This section is from the book "Applied Anatomy: The Construction Of The Human Body", by Gwilym G. Davis. Also available from Amazon: Applied anatomy: The construction of the human body.
In amputating at the hip-joint, hemorrhage is especially to be guarded against. This comes from two sources, the femoral artery anteriorly and the branches of the internal iliac posteriorly. The most reliable way of controlling bleeding is probably by the use of the elastic tourniquet held in place by Wyeth's pins. These are two steel pins 5 mm. (3/16 in.) in diameter and 25 cm. (10in.) long. One is entered 6 mm. (1/4 in.) below the anterior superior spine and slightly to its inner side and traverses the tissues on the outer side of the hip for about 7.5 cm. (3 in.) from the point of entrance; the other is entered through the skin and tendon of the adductor magnus 1.25 cm. (1/2 in.) below the perineum and made to emerge 2.5 cm. (1 in.) below the tuber ischii. The elastic tube is to be wound around the hip above the pins, which prevent its slipping down (Fig. 542). The amputation is then performed as desired. Compression of the aorta or common iliac by instrumental means is obsolete. Sometimes the common iliac is compressed laterally by the finger introduced through an incision in the abdominal walls. Another method consists in making lateral flaps with the femoral artery in the angle of the incision - all vessels are then clamped as they are divided.
Fig. 542. - Amputation just above the middle of the thigh, showing insertion of Wyeth's pins.
In some operations the head of the femur is disarticulated before the flaps are made. In this case the first part of the operation is like a resection of the hip by the Langenbeck straight incision.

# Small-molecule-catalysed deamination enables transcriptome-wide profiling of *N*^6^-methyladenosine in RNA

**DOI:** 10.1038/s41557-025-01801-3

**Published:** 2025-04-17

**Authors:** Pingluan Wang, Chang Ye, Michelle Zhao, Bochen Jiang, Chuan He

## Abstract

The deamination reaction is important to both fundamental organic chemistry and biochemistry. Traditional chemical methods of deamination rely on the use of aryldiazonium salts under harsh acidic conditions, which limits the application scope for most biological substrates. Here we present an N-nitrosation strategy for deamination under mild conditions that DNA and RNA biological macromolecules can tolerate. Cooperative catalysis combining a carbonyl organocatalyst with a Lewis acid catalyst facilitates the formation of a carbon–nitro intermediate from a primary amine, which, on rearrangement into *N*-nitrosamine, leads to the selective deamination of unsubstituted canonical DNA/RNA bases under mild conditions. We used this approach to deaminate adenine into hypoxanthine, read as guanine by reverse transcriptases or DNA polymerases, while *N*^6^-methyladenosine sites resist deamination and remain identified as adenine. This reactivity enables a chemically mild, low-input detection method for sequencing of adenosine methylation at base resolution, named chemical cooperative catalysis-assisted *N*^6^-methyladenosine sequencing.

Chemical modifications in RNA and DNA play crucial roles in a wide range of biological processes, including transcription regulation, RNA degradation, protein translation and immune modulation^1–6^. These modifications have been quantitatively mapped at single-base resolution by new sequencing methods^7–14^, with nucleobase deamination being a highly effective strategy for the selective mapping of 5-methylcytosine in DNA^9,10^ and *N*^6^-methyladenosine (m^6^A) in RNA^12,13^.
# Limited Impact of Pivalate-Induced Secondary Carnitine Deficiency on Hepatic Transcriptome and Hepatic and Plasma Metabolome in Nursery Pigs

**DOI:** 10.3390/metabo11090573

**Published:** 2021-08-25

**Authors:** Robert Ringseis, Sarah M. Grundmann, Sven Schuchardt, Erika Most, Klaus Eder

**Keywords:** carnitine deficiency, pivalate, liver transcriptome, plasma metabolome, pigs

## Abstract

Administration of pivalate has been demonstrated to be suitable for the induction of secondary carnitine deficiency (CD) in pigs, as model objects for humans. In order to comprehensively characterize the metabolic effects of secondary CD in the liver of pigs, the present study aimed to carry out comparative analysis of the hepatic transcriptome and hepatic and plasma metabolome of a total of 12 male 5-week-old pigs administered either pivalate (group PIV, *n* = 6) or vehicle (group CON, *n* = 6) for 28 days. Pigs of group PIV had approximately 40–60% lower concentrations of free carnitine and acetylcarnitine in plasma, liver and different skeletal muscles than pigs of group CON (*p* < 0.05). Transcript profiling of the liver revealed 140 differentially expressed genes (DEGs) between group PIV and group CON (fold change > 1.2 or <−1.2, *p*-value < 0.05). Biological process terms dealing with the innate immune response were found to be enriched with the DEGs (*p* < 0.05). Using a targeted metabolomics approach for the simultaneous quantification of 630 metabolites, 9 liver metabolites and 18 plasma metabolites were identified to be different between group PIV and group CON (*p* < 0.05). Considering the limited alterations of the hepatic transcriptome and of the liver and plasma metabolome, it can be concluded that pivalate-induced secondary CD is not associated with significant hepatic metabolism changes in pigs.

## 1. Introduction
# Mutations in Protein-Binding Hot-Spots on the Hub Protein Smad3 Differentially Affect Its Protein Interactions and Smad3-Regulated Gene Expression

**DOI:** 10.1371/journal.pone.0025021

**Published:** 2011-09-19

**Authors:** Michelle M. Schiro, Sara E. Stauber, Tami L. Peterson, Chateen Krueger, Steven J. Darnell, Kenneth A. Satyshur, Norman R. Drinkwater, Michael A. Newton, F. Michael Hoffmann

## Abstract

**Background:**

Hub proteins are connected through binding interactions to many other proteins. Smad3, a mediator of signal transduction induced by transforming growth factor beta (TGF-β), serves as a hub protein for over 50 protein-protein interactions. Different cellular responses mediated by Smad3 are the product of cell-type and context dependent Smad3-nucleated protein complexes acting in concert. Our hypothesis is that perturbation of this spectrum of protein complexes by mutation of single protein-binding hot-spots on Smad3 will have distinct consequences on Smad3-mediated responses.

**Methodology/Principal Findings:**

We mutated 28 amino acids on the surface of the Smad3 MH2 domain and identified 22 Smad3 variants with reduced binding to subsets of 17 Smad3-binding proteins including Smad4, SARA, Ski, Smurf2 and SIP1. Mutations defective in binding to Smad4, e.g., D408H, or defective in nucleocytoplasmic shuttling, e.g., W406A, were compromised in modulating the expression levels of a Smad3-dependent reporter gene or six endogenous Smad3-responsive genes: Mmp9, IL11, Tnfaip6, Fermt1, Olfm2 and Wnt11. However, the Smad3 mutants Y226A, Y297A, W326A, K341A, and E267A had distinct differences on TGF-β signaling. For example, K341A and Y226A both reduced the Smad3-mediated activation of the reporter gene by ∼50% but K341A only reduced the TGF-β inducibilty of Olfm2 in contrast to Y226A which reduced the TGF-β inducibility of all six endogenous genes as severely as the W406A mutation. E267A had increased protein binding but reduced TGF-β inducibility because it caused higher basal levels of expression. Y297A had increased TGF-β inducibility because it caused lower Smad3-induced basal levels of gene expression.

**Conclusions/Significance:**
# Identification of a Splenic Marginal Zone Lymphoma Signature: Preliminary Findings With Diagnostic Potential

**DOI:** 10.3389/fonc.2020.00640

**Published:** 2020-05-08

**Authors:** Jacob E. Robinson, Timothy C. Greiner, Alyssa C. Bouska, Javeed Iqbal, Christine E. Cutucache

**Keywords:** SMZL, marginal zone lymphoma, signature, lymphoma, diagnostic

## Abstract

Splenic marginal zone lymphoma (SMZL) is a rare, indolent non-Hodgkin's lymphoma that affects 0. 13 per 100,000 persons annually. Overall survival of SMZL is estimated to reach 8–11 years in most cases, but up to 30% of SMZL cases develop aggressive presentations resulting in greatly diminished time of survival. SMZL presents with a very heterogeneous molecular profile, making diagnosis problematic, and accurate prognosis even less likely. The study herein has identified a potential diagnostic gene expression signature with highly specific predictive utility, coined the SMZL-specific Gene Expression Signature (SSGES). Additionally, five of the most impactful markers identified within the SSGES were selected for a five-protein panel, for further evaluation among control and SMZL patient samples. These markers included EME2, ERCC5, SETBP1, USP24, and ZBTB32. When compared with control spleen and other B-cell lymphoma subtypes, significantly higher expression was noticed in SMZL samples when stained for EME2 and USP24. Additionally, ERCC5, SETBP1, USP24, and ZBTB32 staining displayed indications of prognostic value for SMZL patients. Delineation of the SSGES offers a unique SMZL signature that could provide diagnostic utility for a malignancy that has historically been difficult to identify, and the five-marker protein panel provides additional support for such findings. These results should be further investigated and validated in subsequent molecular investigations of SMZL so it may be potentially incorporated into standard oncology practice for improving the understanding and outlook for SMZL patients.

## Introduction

In amputation of the thigh by the flap method care must be taken to avoid splitting the femoral artery. Its position in the various portions of the thigh should be borne in mind. Anteroposterior flaps are to be preferred to lateral ones, and a short anterior flap is to be avoided because the scar is drawn posteriorly (Fig. 542). The muscles of the posterior part of the thigh, the hamstrings, are not attached to the bone, with the exception of the short head of the biceps, they therefore retract when cut and later pull the scar behind the bone. The crureus and vastus externus and internus anteriorly are attached to the bone, and hence cannot draw back either at the time of the operation or afterwards.
The position of the femoral artery will depend on the point at which the amputation is made. It does not lie close to the bone until the popliteal space is reached. Bleeding from the perforating arteries along the linea aspera should, however, be looked for and the sciatic nerve should be isolated and cut short.